Text clarity is often an overlooked aspect for a lot of people when purchasing a monitor, since we're often focused on how well it performs for gaming or how well it performs in a bright room setting. However, considering that nearly all online content has some form of text, it's important to be able to read comfortably and not have to guess what a particular letter is. Of course, aside from resolution and pixel density, how clear a text looks is subjective. We judge text clarity under normal viewing conditions as well as using a close-up photo, and we look at how well it handles sub-pixel rendering techniques like Windows ClearType.
Since text clarity is mostly a subjective test, we only make use of a computer running on Windows 10, connected to the monitor that is being tested. The monitor's brightness is set to 100 nits using a checkerboard pattern as our reference, and we leave most settings at its default state, such as sharpness, resolution, and scaling. Photos are taken with and without ClearType, which are then subjectively scored.
When it comes to our scoring for text clarity, we follow a few general guidelines, but the score is still subjective. Pixel density is the first thing that we judge, as it's a quantifiable aspect of the monitor; a higher resolution on a smaller display will produce a sharper-looking text with less jagged lines. Then, we judge the legibility of the text subjectively; the easier it is to read, the higher it scores. Lastly, we compare it to other monitors that we've reviewed and adjust the score accordingly. We also subjectively score how ClearType affects text clarity, as it doesn't always behave the same way depending on the panel type and sub-pixel layout of the monitor.
Windows users have access to ClearType, which is a feature that enables the sub-pixels to be controlled individually when rendering text, independent of the entire RGB pixel. This effectively triples the monitor's horizontal resolution when rendering text. Generally speaking, ClearType does a fairly good job at sharpening text and it's more noticeable on lower resolution displays, but it can also make the edges of a letter look more blurry, like an anti-aliasing effect. On VA panels, ClearType can make text look blocky and jagged, and displays with a BGR sub-pixel layout can also behave strangely, even though Windows has built-in support for this type of display. In this photo, we're looking at how well-defined the letters are, especially diagonal lines like the ones on the 'R' and 'N' in the photo of the Acer Nitro XV273X.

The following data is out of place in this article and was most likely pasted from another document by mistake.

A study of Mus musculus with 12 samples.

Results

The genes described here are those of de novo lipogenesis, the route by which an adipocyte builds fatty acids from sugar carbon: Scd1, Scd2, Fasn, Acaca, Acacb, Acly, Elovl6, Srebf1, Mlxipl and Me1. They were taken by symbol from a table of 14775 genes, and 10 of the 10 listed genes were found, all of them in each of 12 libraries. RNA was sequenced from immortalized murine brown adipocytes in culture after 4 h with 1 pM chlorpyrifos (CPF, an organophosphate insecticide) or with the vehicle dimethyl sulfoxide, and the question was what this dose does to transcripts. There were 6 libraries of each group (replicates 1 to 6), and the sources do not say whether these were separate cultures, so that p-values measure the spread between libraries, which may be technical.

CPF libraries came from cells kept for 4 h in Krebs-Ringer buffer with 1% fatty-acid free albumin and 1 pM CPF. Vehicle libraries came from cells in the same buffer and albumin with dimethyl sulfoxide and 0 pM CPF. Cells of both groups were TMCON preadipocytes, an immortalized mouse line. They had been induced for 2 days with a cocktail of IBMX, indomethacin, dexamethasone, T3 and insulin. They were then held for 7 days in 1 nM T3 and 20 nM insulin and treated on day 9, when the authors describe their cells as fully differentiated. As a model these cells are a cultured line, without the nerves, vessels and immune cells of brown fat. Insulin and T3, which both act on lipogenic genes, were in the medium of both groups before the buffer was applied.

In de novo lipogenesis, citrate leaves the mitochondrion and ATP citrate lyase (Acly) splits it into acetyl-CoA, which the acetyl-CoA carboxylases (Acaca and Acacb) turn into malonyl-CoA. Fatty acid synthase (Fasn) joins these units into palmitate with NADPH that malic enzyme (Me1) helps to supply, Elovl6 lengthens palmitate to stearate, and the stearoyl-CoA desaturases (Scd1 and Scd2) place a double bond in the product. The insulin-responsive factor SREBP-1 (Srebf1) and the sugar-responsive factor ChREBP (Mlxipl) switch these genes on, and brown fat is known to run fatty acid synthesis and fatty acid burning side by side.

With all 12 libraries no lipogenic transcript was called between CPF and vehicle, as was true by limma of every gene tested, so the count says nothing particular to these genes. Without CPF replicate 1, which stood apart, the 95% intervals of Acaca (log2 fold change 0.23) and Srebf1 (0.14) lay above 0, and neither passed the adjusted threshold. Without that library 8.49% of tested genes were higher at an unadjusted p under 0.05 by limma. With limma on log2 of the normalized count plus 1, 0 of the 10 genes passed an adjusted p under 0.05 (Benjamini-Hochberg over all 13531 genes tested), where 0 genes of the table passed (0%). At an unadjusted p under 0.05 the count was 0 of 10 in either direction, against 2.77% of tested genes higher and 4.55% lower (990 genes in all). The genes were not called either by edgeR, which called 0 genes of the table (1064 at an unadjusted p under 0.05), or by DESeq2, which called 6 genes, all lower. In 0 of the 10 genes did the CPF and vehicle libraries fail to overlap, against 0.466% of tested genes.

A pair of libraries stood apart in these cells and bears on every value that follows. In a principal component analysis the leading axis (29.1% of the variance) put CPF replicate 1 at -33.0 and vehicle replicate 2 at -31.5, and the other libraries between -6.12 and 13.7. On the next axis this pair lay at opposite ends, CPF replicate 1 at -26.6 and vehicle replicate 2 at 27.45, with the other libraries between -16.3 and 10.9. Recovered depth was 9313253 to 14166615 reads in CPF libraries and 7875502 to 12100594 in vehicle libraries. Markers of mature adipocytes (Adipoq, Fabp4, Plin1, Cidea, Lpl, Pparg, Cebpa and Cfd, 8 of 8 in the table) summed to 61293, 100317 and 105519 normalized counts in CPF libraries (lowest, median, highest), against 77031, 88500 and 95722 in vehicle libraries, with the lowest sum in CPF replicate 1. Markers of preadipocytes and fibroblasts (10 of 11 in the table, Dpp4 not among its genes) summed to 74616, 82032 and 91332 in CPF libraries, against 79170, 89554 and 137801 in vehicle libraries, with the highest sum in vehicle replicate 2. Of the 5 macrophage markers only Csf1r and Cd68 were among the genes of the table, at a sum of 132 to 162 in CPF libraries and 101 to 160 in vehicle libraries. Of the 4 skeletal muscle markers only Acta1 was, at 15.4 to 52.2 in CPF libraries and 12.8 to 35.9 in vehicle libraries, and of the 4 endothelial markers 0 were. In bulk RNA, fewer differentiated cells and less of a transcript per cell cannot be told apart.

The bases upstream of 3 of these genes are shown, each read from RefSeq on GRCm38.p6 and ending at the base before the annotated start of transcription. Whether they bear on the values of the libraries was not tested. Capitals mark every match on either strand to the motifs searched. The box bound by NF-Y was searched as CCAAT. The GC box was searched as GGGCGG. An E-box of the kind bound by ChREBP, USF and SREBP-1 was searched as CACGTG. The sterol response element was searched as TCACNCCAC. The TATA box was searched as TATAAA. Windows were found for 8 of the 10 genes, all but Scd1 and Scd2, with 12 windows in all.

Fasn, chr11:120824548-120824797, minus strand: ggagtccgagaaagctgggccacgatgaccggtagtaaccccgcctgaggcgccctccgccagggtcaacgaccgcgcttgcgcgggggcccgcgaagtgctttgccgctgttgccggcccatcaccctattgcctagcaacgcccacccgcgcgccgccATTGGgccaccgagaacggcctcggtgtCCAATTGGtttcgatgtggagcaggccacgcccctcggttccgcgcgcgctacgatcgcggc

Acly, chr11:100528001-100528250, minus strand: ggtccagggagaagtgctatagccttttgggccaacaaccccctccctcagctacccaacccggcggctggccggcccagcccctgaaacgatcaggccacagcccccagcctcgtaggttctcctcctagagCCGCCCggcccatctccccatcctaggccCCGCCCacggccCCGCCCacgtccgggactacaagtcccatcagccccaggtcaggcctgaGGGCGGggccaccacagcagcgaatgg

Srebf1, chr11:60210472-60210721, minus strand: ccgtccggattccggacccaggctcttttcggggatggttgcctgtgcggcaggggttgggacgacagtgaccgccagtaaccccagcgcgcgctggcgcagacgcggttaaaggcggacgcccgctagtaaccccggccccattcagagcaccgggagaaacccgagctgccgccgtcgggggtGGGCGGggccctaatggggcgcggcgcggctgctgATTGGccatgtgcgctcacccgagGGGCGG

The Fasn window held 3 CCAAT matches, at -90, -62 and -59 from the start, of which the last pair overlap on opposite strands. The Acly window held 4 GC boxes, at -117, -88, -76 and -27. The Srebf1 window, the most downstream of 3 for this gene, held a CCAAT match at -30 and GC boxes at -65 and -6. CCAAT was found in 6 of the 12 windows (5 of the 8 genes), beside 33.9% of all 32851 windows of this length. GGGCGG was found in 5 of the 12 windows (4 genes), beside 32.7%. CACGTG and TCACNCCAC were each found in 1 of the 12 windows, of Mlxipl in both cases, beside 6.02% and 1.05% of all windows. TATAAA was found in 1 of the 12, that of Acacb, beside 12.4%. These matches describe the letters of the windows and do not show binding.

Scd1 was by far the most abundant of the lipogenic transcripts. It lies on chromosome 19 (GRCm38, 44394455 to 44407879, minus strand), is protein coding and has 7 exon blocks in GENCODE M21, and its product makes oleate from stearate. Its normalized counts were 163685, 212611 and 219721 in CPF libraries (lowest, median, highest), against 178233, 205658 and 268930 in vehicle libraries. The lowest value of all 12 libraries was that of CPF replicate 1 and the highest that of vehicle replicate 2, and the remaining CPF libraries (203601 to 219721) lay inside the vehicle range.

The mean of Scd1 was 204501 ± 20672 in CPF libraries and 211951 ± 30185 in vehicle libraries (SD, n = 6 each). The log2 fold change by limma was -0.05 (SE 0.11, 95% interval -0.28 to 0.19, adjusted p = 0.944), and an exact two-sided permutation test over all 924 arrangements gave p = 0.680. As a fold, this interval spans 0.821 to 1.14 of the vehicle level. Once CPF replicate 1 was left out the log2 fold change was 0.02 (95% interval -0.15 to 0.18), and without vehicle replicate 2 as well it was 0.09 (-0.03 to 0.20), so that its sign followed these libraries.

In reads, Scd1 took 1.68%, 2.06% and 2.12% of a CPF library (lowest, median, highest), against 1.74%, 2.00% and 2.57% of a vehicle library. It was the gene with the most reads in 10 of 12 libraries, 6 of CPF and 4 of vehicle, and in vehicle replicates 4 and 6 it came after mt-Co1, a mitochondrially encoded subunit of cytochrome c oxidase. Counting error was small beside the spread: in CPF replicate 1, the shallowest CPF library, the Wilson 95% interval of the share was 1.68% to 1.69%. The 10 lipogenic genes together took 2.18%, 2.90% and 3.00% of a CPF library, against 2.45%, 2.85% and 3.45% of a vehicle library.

In the photo with ClearType off, we're again looking at how defined the letters are. The diagonal line on the 'R' looks more jagged and the one on the 'N' is barely visible. Without sub-pixel rendering, the entire pixel at the edge of a letter is lit, creating a shadow effect and making letters like 'T' and 'I' look uneven.
The majority of monitors on the market have an RGB sub-pixel layout, but some use a BGR layout, like the Philips Momentum 436M6VBPAB, where the red and blue sub-pixels are reversed. This type of layout isn't bad in and of itself, as it isn't noticeable when displaying an image, but it does affect text rendering, especially if you want to enable ClearType. Text on monitors with a BGR sub-pixel layout often look thin and jagged with ClearType on, but it isn't consistent, so some lines will appear fine while others don't. Other types of sub-pixel layouts can also affect text clarity, such as RGBW, although it's a layout that we see more often on TVs than on monitors, which you can read about it here. Also, a panel's coating can affect text clarity, which is why the photo above of the Acer Nitro XV273X looks a bit blurry, since it has a matte anti-reflective coating.
If you want to use ClearType to improve text clarity, type in 'Cleartype' in the Windows search bar and choose the option 'Adjust ClearType text.' You'll then be prompted to go through a five-step tuning guide where you have to choose the box that looks best to you. On the first test where there are only two options, although it isn't clearly stated, the left choice is for monitors with an RGB sub-pixel layout, while the right one is for a BGR layout. Afterward, complete the tuning as directed. As always, features like ClearType are a matter of taste and some people may find it bothersome on some monitors, so you should adjust it to your preference. If you don't get the desired result, the tuning can always be performed again or you can disable it completely.
While we often focus on picture quality or how low the input lag is, text clarity is an important aspect to consider when purchasing a monitor since most of us use them for multiple purposes. The general rule of thumb is that the higher the pixel density a monitor has, the sharper the text will look, even if you don't use ClearType. Also, keep in mind that ClearType only affects text, not text within an image.